There has been a lot of stigma associated with the feminist movement. With supporters being coined “feminazis,” the movement has received copious amounts of negative attention. Women, too, have started denouncing the term, opting for more neutral titles, such as “egalitarians” or “equalists.” What these women don’t realize is that they are actually all feminists—and we should all be feminists, too.
To start off: What is a feminist? At its core definition, a feminist is an individual who believes men and women should have equal rights and opportunities. No more, no less. Women can be feminists. Men can be feminists. Anyone can be feminist. All that is required is a belief in gender equality. There is no question that most people in developed countries do believe in gender equality, so why is there so much resistance to the feminist movement?
Many dislike the name of the movement itself. They argue that a movement which so blatantly alludes to only one gender is inherently sexist. If the end goal of the cause is gender equality, wouldn’t a term such as “equalist” or “humanist” be better suited? It is true that a more gender-neutral, inclusive term would be met with less disapproval, and garner more support. But is it time for the movement to be rebranded?
The simple answer is no. Rebranding is not necessary. Doing so would disregard feminism’s remarkable history and origins. The movement has value in its roots; since it was first coined in the late 1800s, feminism has gone through many waves, representing everything from women being allowed in the workforce, to suffragettes, to the inception of services like Planned Parenthood . The word “feminism” pays tribute to the past struggles of people that overcame great difficulty to fight for the same values, albeit in far more oppressive societies. We cannot disregard its historical significance, or discount the movement’s many past achievements.
Moreover, there is a good reason for the movement’s name. “Feminism” is used to address gender inequality because it is the female gender that is currently underprivileged, and to attain gender equality, we must advocate for the rights of the underprivileged gender. Truly, feminism is the perfect word for the movement.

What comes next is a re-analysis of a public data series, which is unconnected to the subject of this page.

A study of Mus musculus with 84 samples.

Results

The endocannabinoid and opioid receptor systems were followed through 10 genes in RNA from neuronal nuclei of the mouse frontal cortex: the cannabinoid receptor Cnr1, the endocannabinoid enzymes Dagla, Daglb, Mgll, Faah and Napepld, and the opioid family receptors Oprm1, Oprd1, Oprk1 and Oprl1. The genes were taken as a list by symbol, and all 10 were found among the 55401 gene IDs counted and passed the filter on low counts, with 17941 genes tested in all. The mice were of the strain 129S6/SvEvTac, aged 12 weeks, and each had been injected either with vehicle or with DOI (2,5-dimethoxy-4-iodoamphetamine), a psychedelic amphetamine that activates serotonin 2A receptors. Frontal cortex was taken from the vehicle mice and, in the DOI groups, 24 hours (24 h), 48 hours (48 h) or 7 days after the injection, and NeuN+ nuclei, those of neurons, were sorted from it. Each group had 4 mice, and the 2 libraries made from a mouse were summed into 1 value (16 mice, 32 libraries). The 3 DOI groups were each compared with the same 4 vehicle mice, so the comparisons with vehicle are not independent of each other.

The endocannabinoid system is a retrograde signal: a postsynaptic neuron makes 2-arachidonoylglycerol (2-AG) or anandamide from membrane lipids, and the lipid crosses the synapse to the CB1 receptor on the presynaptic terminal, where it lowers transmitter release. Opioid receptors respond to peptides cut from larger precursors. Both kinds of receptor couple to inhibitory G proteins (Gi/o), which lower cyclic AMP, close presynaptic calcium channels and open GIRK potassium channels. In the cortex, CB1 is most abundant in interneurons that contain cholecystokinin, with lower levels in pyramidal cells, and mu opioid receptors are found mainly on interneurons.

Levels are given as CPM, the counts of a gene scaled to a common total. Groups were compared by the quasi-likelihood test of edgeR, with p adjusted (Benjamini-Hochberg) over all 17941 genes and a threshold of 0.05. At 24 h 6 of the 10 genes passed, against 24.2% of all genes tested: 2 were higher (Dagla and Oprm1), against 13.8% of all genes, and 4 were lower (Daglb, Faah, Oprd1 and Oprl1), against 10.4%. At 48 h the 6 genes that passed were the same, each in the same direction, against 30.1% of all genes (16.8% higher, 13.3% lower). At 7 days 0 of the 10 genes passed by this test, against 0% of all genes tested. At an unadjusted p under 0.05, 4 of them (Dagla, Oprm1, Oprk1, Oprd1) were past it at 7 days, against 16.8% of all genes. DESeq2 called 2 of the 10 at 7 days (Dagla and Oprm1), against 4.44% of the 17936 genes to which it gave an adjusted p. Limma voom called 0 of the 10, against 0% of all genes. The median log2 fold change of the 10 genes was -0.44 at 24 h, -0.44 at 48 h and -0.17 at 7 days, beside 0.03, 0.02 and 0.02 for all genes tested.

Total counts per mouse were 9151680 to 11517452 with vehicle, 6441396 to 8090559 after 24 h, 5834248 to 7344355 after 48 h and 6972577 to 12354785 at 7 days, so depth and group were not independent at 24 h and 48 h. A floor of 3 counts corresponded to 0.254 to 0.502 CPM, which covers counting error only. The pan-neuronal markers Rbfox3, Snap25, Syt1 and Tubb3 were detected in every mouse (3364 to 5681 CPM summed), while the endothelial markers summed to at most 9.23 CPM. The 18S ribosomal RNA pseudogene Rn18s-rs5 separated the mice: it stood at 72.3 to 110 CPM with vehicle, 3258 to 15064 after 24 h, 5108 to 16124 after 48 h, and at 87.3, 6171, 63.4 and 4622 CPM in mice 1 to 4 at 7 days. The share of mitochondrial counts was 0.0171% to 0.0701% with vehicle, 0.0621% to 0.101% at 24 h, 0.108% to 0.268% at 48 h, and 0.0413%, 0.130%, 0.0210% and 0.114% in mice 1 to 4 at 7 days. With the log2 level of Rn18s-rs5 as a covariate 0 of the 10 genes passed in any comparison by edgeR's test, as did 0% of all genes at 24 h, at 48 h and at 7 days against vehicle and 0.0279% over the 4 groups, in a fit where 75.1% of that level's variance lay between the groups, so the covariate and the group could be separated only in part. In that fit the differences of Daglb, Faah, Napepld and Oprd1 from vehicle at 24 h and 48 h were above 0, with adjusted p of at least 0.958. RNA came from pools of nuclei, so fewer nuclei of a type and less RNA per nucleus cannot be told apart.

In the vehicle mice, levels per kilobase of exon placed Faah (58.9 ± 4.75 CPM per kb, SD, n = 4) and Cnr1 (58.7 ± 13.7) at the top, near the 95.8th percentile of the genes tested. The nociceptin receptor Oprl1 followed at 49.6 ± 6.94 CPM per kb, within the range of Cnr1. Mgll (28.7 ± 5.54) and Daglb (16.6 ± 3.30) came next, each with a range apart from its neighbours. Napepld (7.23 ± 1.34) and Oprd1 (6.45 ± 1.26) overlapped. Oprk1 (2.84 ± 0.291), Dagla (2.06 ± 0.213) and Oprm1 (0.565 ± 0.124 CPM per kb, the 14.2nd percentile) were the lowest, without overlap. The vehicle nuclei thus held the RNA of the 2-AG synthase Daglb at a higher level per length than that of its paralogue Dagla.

Proposing less assertive terms such as “humanist” is akin to replacing the Black Lives Matter movement with the very racist “All Lives Matter” brand . In both cases, choosing other terms to describe the movements completely circumvents the issues faced by the disadvantaged groups. By giving the movements prettier, less assertive names, the proverbial elephant in the room is not acknowledged, and the very purpose of the movement is defeated.
Furthermore, the issue does not lie with the name of the movement itself, but rather with misinformation amongst the masses. It is a great misconception that feminism is synonymous with misandry, or man-hating. In believing this, many men feel alienated, and many women worry that they will be judged for supporting it. However, the truth is that feminism benefits both women and men, by deconstructing harmful gender norms and denouncing the machismo male stereotype. It is a movement that fights for all people .
While it is arguable that white, middle-class women in the Western world enjoy many of the same privileges as men, being a feminist is about acknowledging that there are many other women in the world that cannot say the same, and fighting for their rights as well. This is what sets today’s feminism, fourth wave feminism, apart from the movement’s previous three waves. Modern feminism is centered around intersectionality, the belief that systemic oppression of all types—racism, sexism, homophobia, transphobia, ableism, xenophobia, classism, etc.—are interconnected, and must be examined together in their entirety. Intersectionality realizes that it is impossible to tear apart the various forms of oppression people are experiencing. Due to its holistic nature, it is the best way to work towards societal progress.
Feminism is all-encompassing, and the name of the movement should not discourage anyone from supporting it. Instead, focus should be placed on what the movement stands for: Equal rights and opportunity for both women and men, of all marginalized groups. It is important to realize that feminists are not suggesting that men’s rights are inconsequential. Rather, they are highlighting the specific problems being faced by women and other minorities, which are not being faced by men. The term “feminism” cuts straight to the point, and directly addresses the issue at hand. This is key when trying to effect true change.
I am a feminist—not a humanist, not an equalist, but a feminist. Are you?